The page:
Updated: Jul 24, 2021
Christina Ellsberg, BC ’16, has a wall in her room covered with her paintings of the lamentation of Christ. It’s not for the irony, she tells me, with a smile and shrug. “Nobody knows if I mess up Jesus’ face—no one knows what he looks like.” The practicing Quaker and self-proclaimed “Catholic science person” signs her emails “In science” and has a tattoo of the symbol of Saint Eustace—the warrior that forsook killing after seeing a cross between a stag’s antlers—on her arm. She points out that it also doubles as the Jägermeister logo.
Though admittedly, she says she doesn’t even really like Jäger that much.
Ellsberg, a medical anthropology major, is currently working on her thesis about patienthood and personhood across veterinary and geriatric care. While it’s a topic that interests her, like most seniors, she’s unsure about its broader implications. “I’m not doing something that’s going to change the world, I’m doing something I want to think about for the next year.” But Ellsberg has already changed the world, at least as far as equine mortality goes. Having worked in barns from the age of 10 to pay for the cost of horse riding, in high school she joined a University of Pennsylvania research team that identified a way to test horses for laminitis, an often deadly condition in which the hoof becomes bonded to the bone.
Ellsberg is the leader of three campus comedy groups, Control Top, Chowdah and Low Cut, and has served as chairperson of NSOP for Barnard, for which she created a comedy/variety show event called “Bear With Us,” in which she and her friends performed stand-up routines. In the event, which she says was packed, first-years were treated to belly dancing with a Game of Thrones theme accompaniment, and “Christina’s meme hour.” She gives her experience at Barnard “five Mickeys”—the highest accolade of the metric system used to measure the enjoyability of Disney rides. She concludes, “I’ve not taken a single class here that has not profoundly altered the way I see the world.”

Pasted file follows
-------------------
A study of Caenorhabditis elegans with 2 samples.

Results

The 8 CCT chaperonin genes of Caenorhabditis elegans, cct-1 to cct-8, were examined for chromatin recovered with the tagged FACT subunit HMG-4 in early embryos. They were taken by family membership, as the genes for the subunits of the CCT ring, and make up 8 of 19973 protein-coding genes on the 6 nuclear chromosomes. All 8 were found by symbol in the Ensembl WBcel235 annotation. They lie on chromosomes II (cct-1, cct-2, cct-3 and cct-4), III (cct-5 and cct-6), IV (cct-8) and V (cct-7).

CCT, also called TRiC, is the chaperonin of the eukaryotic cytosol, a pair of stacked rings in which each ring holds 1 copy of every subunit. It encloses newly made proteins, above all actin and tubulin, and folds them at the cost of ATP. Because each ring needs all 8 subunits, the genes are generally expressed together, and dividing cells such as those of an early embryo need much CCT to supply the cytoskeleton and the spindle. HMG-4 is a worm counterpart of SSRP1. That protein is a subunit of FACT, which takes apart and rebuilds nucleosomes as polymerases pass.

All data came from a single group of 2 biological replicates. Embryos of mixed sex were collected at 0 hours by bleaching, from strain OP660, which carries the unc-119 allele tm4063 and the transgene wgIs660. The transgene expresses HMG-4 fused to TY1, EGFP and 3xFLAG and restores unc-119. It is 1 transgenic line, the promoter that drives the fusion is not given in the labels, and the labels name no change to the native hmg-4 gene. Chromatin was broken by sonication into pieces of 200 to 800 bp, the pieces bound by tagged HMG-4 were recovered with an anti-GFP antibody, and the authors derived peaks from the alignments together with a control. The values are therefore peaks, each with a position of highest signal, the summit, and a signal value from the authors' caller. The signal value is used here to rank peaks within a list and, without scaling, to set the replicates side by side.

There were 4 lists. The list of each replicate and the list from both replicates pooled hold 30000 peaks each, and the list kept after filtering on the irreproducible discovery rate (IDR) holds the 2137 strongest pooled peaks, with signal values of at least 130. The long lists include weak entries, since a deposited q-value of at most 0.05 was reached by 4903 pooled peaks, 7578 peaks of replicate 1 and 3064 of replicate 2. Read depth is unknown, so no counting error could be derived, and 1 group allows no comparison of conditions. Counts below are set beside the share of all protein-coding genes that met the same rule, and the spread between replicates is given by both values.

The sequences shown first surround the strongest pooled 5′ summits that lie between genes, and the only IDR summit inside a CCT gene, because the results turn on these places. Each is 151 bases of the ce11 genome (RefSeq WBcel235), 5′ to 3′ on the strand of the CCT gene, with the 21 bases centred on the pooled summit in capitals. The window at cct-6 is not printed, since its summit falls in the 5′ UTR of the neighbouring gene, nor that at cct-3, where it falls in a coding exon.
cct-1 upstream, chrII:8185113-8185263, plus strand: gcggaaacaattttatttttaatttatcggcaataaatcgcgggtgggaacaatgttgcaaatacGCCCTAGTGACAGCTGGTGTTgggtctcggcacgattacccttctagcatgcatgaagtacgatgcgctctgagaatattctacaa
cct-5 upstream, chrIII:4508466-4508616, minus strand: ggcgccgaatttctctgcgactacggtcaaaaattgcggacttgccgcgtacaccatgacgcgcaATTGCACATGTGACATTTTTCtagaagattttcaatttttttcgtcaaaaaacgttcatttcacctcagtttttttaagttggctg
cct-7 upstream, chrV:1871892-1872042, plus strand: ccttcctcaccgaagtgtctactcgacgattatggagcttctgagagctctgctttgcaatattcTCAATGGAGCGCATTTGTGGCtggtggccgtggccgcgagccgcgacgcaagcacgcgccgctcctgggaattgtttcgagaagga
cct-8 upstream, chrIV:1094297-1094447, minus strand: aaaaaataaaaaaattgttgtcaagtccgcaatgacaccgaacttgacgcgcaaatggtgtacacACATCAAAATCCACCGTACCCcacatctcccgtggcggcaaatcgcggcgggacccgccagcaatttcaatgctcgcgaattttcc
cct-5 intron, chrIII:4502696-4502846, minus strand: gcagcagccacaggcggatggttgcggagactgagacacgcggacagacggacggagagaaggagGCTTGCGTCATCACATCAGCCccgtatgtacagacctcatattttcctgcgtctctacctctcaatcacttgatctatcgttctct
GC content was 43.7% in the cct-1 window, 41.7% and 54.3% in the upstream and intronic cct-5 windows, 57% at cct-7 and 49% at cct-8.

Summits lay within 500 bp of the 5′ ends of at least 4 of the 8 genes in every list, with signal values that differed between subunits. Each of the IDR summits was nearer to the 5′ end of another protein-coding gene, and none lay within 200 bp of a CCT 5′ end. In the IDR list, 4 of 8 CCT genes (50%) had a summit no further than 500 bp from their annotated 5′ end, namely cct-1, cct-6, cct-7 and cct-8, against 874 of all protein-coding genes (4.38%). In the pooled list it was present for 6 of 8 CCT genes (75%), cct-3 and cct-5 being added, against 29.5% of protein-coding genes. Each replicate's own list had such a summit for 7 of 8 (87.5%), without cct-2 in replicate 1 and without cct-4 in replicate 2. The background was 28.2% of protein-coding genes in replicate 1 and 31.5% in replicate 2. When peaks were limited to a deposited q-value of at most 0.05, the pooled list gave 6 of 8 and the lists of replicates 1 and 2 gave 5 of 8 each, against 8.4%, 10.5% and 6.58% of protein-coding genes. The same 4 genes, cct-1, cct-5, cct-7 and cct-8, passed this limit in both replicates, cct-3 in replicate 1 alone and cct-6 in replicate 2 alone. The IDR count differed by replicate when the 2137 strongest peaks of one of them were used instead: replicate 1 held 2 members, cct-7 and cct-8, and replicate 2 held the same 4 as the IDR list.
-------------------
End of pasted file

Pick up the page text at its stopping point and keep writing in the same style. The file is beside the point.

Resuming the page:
“Christina just gets into shenanigans,” says her roommate and fellow Control Top member Molly McBride Jacobson, BC ’16. When I meet Augusta Chapman, BC ’18, Ellsberg’s girlfriend, she tells me that Ellsberg is at that moment at a film festival in Virginia. “She was supposed to drive Bo Derek one place, but Bo Derek liked her so much she hired her for the rest of the day,” says Chapman. “All day Christina has been driving [Bo Derek’s] Lamborghini around from place to place at a film festival taking care of her dogs.”
Ellsberg says her ideal life would be “to have five different jobs and I do each one of them for one or two days a week.” These would include bioethics in research in developing nations, making the “coolest radio show ever,” a sketch show that focuses on women’s comedy, and “cool films about cool things.” She is also considering going into teaching, citing her experiences helping other students edit their work as a Writing Fellow. “It’s amazing to see how many ideas and how many areas of expertise students have,” she says, adding that she is “not totally giving up on her dream of becoming professional wrestler.” She has me touch her bicep, and indeed, Ellsberg is rather strong. Saint Eustace flexes in solidarity.